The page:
Earlier this week, @pureandapplied brought to my attention the emissions data that has been published by the Department of Climate Change in Australia. Their report comprises data for the 2008-09 reporting year provided to the Greenhouse and Energy Data Officer by corporations whose greenhouse gas emissions exceeded 125 kilotonnes*. A few corporations are missing from the list for a number of reasons, including failure to provide their data in time for the report’s publication (a sorry excuse indeed). Nevertheless, the data makes for some interesting reading. As @pureandapplied remarked, for example, Qantas was responsible for more emissions than Shell: those air points are producing a lot of CO2-equivalent emissions!
The data is reported in two categories, “Scope 1″ and “Scope 2″ emissions. The definitions of the two scopes are as follows:
Scope 1 emissions are the release of greenhouse gases into the atmosphere because of activities at a facility that is controlled by the corporation. An example of this would be gases emitted by burning coal to generate electricity at an electricity production facility (i.e. a power station).
Scope 2 emissions in relation to a facility, are the release of greenhouse gases emitted at a second facility because of the electricity, heating, cooling or steam that is consumed at the facility. An example of this would be greenhouse gases emitted to generate electricity, which is then transmitted to a car factory and used there to power the car factory’s lighting. The greenhouse gas emissions are part of the factory’s scope 2 emissions. It is important to recognise that scope 2 emissions from one facility are part of the scope 1 emissions from another facility.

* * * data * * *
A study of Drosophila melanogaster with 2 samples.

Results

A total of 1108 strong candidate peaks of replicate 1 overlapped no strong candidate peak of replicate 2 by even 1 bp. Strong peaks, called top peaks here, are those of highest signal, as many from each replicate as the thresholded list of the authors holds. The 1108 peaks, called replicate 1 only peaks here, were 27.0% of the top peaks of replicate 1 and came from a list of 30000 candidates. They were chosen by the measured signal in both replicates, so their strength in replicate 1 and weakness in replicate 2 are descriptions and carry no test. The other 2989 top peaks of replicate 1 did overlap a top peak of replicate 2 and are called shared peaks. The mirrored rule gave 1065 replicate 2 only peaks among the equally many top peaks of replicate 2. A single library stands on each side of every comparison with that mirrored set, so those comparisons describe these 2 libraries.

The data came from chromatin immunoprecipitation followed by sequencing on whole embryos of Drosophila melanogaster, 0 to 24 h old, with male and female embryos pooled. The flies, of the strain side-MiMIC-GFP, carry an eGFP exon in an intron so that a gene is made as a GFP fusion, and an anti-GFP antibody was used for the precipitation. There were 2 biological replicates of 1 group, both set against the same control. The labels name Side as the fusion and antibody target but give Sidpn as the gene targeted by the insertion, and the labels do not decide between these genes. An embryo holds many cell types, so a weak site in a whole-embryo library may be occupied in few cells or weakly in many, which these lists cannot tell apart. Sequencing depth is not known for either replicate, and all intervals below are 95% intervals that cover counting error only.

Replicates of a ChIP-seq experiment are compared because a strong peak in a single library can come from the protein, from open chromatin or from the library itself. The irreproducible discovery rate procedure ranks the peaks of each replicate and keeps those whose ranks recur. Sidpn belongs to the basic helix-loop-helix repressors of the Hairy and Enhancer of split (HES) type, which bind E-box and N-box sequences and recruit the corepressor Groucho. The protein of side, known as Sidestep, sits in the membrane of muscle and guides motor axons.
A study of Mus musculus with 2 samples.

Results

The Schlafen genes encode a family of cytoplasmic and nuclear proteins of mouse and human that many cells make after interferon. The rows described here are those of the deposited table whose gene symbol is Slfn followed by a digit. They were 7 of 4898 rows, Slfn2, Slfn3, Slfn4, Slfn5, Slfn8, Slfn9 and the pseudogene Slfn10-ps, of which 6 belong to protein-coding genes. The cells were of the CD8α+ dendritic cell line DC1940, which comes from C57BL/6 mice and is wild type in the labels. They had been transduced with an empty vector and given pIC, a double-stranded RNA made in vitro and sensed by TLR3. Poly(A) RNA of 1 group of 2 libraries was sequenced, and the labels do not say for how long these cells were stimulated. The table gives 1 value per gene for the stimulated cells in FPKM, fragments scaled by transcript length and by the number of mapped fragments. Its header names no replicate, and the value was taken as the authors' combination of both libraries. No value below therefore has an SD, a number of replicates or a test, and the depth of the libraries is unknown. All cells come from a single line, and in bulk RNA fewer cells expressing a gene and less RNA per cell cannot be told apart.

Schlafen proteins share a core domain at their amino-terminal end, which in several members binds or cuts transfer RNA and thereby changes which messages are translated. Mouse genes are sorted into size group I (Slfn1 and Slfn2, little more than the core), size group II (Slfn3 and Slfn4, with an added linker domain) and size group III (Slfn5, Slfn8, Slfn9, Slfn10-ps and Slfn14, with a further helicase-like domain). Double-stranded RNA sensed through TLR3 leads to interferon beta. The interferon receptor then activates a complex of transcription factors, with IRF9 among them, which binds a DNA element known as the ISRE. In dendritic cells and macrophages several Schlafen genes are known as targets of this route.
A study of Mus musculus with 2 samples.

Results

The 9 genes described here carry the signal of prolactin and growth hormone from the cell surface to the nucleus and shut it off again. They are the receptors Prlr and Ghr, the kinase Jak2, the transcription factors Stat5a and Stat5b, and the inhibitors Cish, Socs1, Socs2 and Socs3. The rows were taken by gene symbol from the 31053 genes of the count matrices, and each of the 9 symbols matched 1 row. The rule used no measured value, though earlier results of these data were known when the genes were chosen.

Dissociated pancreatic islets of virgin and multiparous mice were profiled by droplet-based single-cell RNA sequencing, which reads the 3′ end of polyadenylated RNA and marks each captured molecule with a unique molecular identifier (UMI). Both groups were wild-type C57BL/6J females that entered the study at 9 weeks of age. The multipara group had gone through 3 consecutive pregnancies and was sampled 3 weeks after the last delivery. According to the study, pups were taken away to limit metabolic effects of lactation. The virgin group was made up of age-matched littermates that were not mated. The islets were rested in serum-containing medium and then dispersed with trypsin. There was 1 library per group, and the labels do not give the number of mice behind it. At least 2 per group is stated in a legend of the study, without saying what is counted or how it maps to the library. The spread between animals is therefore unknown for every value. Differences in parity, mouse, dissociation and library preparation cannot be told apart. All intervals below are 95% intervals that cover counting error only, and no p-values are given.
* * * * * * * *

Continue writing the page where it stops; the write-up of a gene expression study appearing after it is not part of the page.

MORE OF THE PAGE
The report is very careful to note that these two scopes should be used warily. In fact, it warns that the two figures “should not be used individually, or added together” to estimate liabilities under any emissions abatement scheme. That is a red rag to a Mule, so I will indeed look at them individually and added together. The chart below shows the top 25 emitters in the Scope 1 category.
Top 25 Scope 1 Emitters
It should come as no surprise that the big Scope 1 emitters are primarily power generators, although there are a number of mining companies in there, along with Qantas thanks to its burning of jet fuel. Scope 2 tells a somewhat different story.
Top 25 Scope 2 Emitters
Here “poles and wires” make an appearance: Transgrid and the like, move energy from place to place that has been generated elsewhere. So, the Scope 1 emissions are counted by the generator, but the tranmission company wears the Scope 2 emissions. Woolworths manages an impressive fifth place, perhaps thanks to the lights in all of their supermarkets? Wesfarmers, the owners of the Coles supermarket chain, rank higher still.
Finally, here are the top 25 emitters by the combined total of Scope 1 and Scope 2 emissions. Not surprisingly, the generators dominate once more.
Top 25 Scope 1+2 Emitters
Also included in the data is the total amount of energy consumed by each corporation. It is in these numbers that I stumbled upon something of a puzzle. Envestra produced a reasonably sizeable 627,161 tonnes of Scope 2 CO2-equivalent, but had one of the lowest levels of total energy consumption at only 193 GJ. What have they been up to? Guesses are welcome!
* Also included are those corporations holding a reporting transfer certificate.